Lights, camera, action!
Going to the cinema for most of us means, a good two hours of escapism, buckets of buttery popcorn and time to unwind and relax. We are in constant awe of filmmakers and their ability to bring a story to life on the big screen. Making a film, whether it be a sweeping epic, a romantic comedy or otherwise, seems like such a daunting task. Advances in modern technology have seen the employment of impressive special effects and computer generated images, further aiding the endeavours of the filmmaker.
Why then, are many of us put off by big budget movies and their special effects, citing them as unrealistic and inauthentic, further classifying them as fake? The whole idea of going to the cinema is to be entertained. Why, in life, as well as the movies, can we not suspend thought long enough to simply enjoy the moment and be entertained, without having to dissect each image projected before us? All this obsessing over details almost certainly detracts from the magic of movies and the mystique of life itself.
Too much thinking can be detrimental and close us to the inherent magic of life. When movie scenes are filmed against a green screen, and not out in the open field, why do we feel cheated? The goal is entertainment, so it should not matter. Films are fundamentally, storytelling through a visual medium, but somehow we think it means less, is worth less, when it is not real, but pure fabrication.
Many people enjoy movies that are not too challenging, where you do not have to think too hard.
This is a great indication that suspension of thought, even if it’s for the length of a movie, can be relaxing and beneficial. Our daily lives are cluttered with tasks and scheduled to the nth degree, that a little less thinking can be a welcomed relief. When everything is thought out and planned, the spontaneity is missing.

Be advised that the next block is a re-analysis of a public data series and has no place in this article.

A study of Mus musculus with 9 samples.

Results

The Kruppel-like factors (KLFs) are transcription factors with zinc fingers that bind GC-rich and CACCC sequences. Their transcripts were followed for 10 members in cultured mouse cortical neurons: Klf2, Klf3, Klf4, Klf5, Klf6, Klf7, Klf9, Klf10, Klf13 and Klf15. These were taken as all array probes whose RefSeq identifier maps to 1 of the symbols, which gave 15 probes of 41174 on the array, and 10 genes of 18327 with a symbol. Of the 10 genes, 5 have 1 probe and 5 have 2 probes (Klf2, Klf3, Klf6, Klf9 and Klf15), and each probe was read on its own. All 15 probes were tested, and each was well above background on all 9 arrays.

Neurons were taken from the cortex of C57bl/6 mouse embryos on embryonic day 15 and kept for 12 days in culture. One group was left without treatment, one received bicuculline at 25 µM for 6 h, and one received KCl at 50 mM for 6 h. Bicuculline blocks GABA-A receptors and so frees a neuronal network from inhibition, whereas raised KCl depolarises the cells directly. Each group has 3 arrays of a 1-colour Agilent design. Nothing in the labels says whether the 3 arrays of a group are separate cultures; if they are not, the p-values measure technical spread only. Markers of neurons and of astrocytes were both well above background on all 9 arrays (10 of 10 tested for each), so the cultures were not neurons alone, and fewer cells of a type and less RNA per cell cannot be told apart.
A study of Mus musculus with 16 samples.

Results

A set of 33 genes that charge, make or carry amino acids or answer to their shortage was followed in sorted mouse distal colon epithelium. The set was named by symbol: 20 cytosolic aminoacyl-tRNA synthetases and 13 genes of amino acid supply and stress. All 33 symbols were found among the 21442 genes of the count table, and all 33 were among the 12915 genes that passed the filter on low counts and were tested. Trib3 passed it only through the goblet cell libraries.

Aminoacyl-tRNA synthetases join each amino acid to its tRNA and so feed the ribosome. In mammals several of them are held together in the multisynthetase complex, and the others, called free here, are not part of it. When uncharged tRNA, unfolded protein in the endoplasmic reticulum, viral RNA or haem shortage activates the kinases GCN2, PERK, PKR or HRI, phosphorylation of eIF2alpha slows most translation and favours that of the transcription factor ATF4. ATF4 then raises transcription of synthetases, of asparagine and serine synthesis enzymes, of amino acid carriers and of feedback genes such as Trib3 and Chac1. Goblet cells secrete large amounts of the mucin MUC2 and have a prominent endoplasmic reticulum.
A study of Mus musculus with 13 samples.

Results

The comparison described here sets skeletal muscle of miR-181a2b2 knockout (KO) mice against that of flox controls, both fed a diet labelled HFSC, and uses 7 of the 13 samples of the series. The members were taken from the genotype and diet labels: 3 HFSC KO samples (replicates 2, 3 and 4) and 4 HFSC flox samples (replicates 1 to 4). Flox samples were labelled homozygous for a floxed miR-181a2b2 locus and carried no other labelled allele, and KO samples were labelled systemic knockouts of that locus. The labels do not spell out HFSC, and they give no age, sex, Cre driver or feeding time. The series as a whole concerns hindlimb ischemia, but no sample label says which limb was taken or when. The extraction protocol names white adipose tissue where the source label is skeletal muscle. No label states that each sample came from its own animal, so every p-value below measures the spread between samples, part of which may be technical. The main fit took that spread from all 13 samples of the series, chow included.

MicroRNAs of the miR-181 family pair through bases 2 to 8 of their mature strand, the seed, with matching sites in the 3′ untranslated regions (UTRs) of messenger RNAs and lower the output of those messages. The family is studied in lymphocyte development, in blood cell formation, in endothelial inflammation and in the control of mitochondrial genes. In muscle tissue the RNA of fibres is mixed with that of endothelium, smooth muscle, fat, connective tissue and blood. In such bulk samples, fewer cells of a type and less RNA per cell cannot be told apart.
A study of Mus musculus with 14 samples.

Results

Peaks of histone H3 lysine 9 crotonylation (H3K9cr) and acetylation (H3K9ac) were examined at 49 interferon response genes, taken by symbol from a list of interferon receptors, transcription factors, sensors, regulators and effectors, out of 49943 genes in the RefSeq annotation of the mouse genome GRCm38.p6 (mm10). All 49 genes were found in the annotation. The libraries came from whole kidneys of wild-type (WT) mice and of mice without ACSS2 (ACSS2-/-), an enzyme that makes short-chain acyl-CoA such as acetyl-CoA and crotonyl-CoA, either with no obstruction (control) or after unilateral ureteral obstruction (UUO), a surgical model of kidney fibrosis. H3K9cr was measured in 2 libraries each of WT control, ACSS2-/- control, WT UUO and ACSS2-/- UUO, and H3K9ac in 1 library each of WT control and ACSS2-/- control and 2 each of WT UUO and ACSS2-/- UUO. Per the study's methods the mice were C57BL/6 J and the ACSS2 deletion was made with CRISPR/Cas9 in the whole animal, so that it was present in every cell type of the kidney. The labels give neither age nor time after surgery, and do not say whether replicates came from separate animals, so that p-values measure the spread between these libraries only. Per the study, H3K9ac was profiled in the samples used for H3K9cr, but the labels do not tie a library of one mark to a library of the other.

Maybe it is our deep seated urge for truth. We want to believe that our film idols have perfect lives, that soul mates do exist, that the good guy always wins and the bad guy always loses. We see a beautiful landscape on screen and we want to believe its existence. We feel cheated if we know it was filmed on a sound stage. In our lives, we do the same, we want authenticity, we crave to be our real selves and we disengage from people who appear to act fake. Keeping the balance is key, applying discerning thoughts when it is really necessary and not at the risk of becoming obsessive.
As children we are capable of enjoying the moment and not over thinking. It comes from the natural state of presence. We tend to believe in Santa Claus, the Tooth Fairy and the Easter Bunny without many questions. There is something to be said about maintaining a sense of childlike wonder and awe at the inexplicable. It adds a magical quality to the day and our experiences.
Our own dreams are much the same, a form of mental movie making. Full of vivid colour, light and sound, in our minds they seem so real and we can often place ourselves right in the centre. There may be no rhyme or reason to them but nonetheless, they play out in our minds, privately. When we speak about them, they may appear unattainable to others but we still believe, even when others tell us we are silly to. Our dreams give us hope and something to strive towards. We enter another realm, where anything can happen, much like in a movie.
If we are constantly examining what is real and what is not, we are unable to truly appreciate the movie unfolding before us. Suspending thought can not only serve us in our enjoyment of movies, but also in our lives. Over thinking can detract from the magic embedded in our seemingly routine experiences.
Filmmaking is a great metaphor for life; you can create the world you want to live in. You can envision the world you would like in your mind then consciously, responsibly and harmoniously, employ tactics, manmade or otherwise, to bring it to life. You have the ability to set the scene and live the dream. It is helpful to be open to the idea that anything is possible, because indeed it is.